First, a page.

This month, JET Effect is talking to a very unique JET. Wan Ahmad Nazaruddin Bin Wan Azizan, currently living in Fukiage-cho in Kagoshima Prefecture, is the only Malaysian JET currently on the JET Programme. JET Effect believes that Wan’s experience on the JET Programme can offer JETs a very different perspective on the role of the programme as a whole. We have featured many JETs from some of the well represented countries such as America, the UK, Canada and Australia and the activities that they have shared have been reproduced across Japan. Although Wan is representing his country alone, he has been involved in many brilliant cultural exchange events.
Wan explains ‘[The} exchange between Fukiage-cho and Malaysia started about 20 years ago. The first Malaysian CIR was employed in 2001. At that point, people in Fukiage-cho established the Fukiage-Malaysia Friendship Association. Seiko Shimozono is the president, and there are 40 members of the FMFA including me.’ The established group have organised many activities together to promote Malaysian culture. ‘FMFA is active in a Malaysian cooking class, the Malaysian Bizaar, and the Farewell Exchange Part for Malaysian students at the Kagoshima university.’ FMFA work together to support the Malaysian students not only through Elementary to Senior High School, but even after when they are at university level. It is often easy for JETs to focus particularly on their students whilst they are teaching them. It is great to be reminded by Wan and the FMFA that by creating a community for the students in Kagoshima, they are able to support them throughout the system, making great friends along the way!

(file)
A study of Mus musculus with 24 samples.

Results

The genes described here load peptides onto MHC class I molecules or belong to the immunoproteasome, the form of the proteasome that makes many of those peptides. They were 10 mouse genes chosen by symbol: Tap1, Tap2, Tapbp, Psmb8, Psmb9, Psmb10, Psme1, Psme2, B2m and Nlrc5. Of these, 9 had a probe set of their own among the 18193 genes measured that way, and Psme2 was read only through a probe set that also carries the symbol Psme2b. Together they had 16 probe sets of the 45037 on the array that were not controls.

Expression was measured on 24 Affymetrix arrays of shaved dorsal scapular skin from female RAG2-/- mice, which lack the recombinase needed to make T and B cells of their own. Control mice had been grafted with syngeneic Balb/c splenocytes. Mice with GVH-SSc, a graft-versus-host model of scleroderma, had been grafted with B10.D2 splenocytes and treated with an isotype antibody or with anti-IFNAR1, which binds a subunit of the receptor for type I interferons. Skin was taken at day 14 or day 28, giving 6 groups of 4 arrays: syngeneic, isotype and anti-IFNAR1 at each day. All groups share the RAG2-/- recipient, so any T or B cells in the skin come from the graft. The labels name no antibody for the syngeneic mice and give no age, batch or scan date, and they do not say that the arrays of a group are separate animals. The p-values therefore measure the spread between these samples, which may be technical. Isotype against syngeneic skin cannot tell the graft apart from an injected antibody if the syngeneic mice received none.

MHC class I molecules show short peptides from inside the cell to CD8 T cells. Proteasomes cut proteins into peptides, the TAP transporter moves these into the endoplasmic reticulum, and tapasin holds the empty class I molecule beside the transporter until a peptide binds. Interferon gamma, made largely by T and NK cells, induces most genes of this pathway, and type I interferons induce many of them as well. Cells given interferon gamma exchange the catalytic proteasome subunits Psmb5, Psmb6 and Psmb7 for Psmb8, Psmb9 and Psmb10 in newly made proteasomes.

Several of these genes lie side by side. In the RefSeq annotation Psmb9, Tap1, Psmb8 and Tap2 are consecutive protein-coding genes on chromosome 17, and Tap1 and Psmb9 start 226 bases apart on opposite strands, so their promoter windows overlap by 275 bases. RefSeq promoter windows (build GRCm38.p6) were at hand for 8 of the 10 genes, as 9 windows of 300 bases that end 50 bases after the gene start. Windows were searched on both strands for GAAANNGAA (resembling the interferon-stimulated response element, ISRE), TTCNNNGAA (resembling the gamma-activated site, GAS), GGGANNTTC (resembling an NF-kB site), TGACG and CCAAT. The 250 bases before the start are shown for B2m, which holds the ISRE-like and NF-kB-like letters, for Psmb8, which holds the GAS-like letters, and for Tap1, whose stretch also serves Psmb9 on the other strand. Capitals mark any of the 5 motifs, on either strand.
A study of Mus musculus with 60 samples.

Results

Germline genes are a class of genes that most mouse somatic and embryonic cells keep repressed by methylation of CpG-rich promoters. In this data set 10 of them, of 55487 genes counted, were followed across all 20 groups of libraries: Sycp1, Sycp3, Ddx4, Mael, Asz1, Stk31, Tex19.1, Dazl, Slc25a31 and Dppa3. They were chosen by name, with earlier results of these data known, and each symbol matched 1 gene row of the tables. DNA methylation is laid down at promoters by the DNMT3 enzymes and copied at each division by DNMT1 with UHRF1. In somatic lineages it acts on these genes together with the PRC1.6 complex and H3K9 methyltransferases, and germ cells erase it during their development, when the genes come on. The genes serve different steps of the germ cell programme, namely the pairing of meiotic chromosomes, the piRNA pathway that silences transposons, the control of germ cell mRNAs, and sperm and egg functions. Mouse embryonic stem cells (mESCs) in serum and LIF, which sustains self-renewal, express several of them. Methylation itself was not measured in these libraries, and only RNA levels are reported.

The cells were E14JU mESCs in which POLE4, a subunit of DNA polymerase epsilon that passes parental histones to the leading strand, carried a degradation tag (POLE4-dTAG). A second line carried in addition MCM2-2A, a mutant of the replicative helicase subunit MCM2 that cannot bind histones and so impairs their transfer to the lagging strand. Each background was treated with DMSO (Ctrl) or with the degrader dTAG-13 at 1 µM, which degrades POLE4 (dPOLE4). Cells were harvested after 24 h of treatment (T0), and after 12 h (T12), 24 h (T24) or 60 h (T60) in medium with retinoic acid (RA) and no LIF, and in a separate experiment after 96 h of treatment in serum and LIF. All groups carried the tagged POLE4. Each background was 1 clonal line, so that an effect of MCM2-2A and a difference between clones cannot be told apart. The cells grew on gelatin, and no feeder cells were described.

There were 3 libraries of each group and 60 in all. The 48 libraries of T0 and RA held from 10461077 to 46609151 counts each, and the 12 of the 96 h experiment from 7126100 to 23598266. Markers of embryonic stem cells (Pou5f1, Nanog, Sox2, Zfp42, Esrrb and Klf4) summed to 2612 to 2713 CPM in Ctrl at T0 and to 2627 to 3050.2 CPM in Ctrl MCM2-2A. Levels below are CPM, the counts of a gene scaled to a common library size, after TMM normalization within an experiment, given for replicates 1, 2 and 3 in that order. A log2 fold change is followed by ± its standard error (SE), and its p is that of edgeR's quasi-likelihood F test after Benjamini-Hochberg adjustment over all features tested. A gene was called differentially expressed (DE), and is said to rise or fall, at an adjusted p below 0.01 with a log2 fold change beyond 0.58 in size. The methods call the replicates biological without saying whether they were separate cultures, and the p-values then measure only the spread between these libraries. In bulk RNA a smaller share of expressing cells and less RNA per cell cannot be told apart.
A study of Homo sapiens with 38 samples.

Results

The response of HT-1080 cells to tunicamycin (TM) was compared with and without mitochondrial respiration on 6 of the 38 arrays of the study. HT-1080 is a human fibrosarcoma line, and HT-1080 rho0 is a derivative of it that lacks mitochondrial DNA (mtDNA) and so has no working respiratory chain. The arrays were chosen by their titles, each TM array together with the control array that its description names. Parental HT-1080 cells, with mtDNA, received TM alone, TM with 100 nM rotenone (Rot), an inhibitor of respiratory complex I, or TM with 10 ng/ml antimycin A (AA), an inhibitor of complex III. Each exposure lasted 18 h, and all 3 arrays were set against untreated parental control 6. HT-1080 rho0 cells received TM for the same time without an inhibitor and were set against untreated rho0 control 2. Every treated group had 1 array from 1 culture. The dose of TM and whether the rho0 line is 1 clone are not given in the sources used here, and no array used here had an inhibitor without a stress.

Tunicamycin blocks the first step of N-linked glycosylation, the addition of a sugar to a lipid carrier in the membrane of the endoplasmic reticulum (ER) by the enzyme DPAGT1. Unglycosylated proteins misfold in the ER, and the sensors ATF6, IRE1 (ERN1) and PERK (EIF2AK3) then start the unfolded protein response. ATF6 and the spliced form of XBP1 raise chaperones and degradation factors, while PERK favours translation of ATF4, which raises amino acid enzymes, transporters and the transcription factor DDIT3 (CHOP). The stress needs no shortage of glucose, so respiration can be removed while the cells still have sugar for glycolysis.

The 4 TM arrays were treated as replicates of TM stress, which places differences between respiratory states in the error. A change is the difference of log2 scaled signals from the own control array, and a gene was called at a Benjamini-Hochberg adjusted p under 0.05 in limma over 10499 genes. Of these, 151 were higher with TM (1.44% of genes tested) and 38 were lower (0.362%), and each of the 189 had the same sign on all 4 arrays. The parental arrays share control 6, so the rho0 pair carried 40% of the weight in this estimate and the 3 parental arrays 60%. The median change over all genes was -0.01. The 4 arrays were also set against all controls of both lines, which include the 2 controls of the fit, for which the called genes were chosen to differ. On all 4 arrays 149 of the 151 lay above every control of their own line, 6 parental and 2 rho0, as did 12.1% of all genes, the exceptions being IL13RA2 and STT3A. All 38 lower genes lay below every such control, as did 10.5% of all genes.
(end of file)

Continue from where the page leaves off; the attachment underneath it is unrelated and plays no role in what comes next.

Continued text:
Wan goes on the explain another of his goals with the FMFA.’One of the main projects we work on is to deepen the exchange on the Hioki City-Malaysia Goodwill Ambassador Exchange Programme.I travel around the city with the Goodwill Ambassador to meet the Hioki citizens and help them become comfortable in their homestay and study tour. Now, 115 people from Hoiki City have been sent to Malaysia as Goodwill Ambassadors.’ Although Wan has his daily work to continue, he works outside his hours to improve the relationship between Japan and Malaysia. His work is inspiring for all of us to continue to promote cultural understanding, even after the last bell of the day has rung.
It could perhaps sound like a lot of Wan’s time is spent with students from his own country, however he states ‘almost all of our projects under FMFA are by the Japanese members and the Malaysian students. In addition, my co-workers at the Hioki City Hall are also members of the FMFA.’ By encouraging Japanese people to join the Friendship
Association, they are able to continuously expose them to Malaysian culture without having to round up members every time there is an event. As Wan explains, ‘Malaysia is no longer a far away country for Hioki City.’
JET Effect was interested in Wan’s experiences as the only Malaysian JET. We asked him what had surprised him since coming to Japan. ‘Since I come from a country that is still developing, it was a surprise to me to see how developed Japan is, especially the public transport! I was also surprised that the living cost was 3 times higher compared to Malaysia. Of course, it is also very cold here.’
Finally, we asked for Wan to give some advice to JETs that are working on cultural exchange between Japan and a country that they are not accustomed with. Wan says ‘many JETs, especially CIRs, don’t bring their traditional costumes to Japan. Traditional costume is a good start to introducing your country. Secondly, learn your local community dialect! By trying to speak Japanese in the same way, you will find it easier to become part of the community, and to bring it closer together.’
To get in touch with the team at JET Effect for advice or more information, or to nominate a great project that deserves to be spotlighted in JET Effect, send an e-mail to and we will point you in the right direction.